Lost Planet 2 Review
Some questionable design choices mar what is otherwise a varied and often enjoyable co-op shooter
It’s no secret that Capcom has been moving towards co-op games with their recent offerings, and Lost Planet 2 seems to have the most emphasis on co-op play of their releases so far. The campaign of the original Lost Planet could only be played in single player, and it was a lot of fun that way, although the game did have its problems. Since the release of the original game, Resident Evil 5 and to a lesser degree Dead Rising 2 have encouraged you to play the game with a friend. Lost Planet 2 takes this idea to a whole new level, and designs the entire campaign around four-player co-op. Really, single player isn’t even an option; the atrocious friendly AI and mission design make this all too clear. It is possible to play through the game solo with as many as three AI companions, but this will serve only to make some of the missions nearly impossible on all but the easiest difficulty setting.
The Icy Environments of Lost Planet 1 have been utterly transformed
Some missions, for instance, will have you and your team capture a number of different control points across the map and then defend them for a couple of minutes. If you are playing with friends these missions are fairly straightforward; you simply divide your team to defend the multiple points. If you are playing by yourself, however, the dumb as bricks AI will simply follow you around leaving the other points undefended so that enemy soldiers can come in and take them, stopping the clock and causing you to return and capture the point. When you go to re-capture this point, enemy soldiers will go and capture the other point, meaning you have to run around the map trying to defend all of the points at once, which you will find to be impossible on all but the easiest difficulty setting. Other missions are at least playable in singleplayer, but your AI companions are likely to run off randomly and get themselves killed repeatedly. They will often stand around doing nothing, and will never attempt to enter and pilot any kind of vehicle.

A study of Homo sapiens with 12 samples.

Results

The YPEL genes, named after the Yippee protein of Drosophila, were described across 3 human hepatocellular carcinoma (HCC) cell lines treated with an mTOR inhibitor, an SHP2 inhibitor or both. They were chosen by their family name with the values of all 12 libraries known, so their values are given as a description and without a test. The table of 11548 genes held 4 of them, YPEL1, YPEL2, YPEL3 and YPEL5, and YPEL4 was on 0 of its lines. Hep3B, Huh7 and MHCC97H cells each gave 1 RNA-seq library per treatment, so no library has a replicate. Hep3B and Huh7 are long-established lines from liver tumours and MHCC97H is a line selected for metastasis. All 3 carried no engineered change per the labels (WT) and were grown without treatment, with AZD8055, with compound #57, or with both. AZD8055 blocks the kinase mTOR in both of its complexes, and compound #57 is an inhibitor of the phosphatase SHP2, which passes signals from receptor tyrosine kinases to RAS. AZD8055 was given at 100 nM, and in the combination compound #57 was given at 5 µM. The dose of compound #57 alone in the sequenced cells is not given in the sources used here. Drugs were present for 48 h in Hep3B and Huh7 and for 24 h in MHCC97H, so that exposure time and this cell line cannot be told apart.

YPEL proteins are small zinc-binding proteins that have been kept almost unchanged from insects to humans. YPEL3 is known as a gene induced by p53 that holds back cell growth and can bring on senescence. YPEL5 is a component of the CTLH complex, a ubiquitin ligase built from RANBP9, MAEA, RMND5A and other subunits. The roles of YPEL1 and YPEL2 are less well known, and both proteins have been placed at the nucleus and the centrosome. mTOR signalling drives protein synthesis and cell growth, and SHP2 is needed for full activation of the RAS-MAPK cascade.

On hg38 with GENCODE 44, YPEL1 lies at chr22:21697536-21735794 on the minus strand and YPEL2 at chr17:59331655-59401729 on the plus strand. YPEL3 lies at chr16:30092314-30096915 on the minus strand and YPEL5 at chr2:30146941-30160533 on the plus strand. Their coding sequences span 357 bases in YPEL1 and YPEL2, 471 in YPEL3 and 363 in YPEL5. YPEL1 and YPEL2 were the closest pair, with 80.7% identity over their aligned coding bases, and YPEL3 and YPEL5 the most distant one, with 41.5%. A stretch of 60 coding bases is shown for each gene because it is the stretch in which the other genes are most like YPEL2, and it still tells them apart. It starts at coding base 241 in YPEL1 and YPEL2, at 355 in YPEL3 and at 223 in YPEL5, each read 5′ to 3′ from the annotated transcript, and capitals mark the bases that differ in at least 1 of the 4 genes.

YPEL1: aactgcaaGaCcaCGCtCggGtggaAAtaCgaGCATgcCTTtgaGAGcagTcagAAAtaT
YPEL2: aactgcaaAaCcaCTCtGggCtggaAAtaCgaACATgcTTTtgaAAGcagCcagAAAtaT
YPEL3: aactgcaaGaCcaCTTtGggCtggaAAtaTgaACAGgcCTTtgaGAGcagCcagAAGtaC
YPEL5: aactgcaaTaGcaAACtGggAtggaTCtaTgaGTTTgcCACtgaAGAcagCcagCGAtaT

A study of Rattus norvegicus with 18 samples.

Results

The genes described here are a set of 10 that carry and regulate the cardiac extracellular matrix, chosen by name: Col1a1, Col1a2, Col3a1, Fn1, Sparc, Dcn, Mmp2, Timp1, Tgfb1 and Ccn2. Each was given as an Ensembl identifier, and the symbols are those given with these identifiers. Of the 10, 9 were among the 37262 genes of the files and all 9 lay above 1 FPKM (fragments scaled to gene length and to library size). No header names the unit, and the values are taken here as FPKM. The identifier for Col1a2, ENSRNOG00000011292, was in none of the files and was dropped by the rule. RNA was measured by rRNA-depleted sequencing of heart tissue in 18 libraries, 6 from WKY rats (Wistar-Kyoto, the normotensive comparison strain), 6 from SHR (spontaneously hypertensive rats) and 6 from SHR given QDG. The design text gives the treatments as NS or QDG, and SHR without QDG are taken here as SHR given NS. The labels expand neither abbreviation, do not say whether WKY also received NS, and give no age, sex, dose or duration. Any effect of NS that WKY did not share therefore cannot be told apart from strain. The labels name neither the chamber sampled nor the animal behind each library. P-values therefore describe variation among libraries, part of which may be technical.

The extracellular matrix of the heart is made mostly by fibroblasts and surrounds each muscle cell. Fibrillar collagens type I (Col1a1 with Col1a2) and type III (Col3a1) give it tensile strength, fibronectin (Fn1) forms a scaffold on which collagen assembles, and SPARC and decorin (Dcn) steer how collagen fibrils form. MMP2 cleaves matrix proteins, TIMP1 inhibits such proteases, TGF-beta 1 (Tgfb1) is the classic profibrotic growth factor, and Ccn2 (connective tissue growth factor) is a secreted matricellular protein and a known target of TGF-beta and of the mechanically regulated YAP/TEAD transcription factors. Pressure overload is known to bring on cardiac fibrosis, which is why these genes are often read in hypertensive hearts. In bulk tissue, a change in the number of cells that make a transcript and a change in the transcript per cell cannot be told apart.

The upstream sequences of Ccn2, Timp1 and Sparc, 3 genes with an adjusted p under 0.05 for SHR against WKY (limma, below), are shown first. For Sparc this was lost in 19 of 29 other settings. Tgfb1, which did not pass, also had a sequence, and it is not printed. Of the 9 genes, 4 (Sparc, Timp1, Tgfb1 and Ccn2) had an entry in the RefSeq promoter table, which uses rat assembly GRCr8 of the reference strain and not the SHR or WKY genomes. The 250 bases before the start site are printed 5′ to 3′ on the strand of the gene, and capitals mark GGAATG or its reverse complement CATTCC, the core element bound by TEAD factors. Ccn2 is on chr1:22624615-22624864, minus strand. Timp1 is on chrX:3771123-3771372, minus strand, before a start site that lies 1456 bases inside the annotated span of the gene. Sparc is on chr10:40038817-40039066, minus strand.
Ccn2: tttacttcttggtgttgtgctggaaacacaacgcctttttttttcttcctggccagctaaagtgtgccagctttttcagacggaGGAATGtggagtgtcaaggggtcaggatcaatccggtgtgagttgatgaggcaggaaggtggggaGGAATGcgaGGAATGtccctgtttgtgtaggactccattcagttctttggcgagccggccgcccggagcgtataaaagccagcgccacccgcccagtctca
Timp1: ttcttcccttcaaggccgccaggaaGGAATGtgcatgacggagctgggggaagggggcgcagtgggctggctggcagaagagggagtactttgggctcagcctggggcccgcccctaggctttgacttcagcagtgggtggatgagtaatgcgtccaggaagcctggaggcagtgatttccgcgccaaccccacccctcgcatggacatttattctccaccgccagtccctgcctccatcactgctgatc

Say hello to a Cat-G Akrid. They generally aren't very friendly
Once you do recruit some friends to play with you, gameplay improves dramatically. Sadly, doing this isn’t as easy as it should be. You can only join another player’s game if you have advanced as far as they have in the campaign. There is also no way of joining a game in progress. If you want to play through the entire campaign in co-op, the best way to do this is to find three friends and play through the entire game with them. It is worth it to do so however, since the entire game is designed around co-op, from the mission design to the secondary weapon each player gets that shoots thermal energy. Missions are also chopped up into bits; they are divided into episodes, sub divided into chapters, and then divided into missions. Each mission will take from 5-15 minutes to complete, and there are usually 2 or 3 in each chapter. There are generally four or five chapters in an episode, and there are 6 episodes in total. This is also an arcade game through and through, you are timed and graded on your performance on each level, and each mission begins with the words “Ready, Set, GO!” flashing on your screen.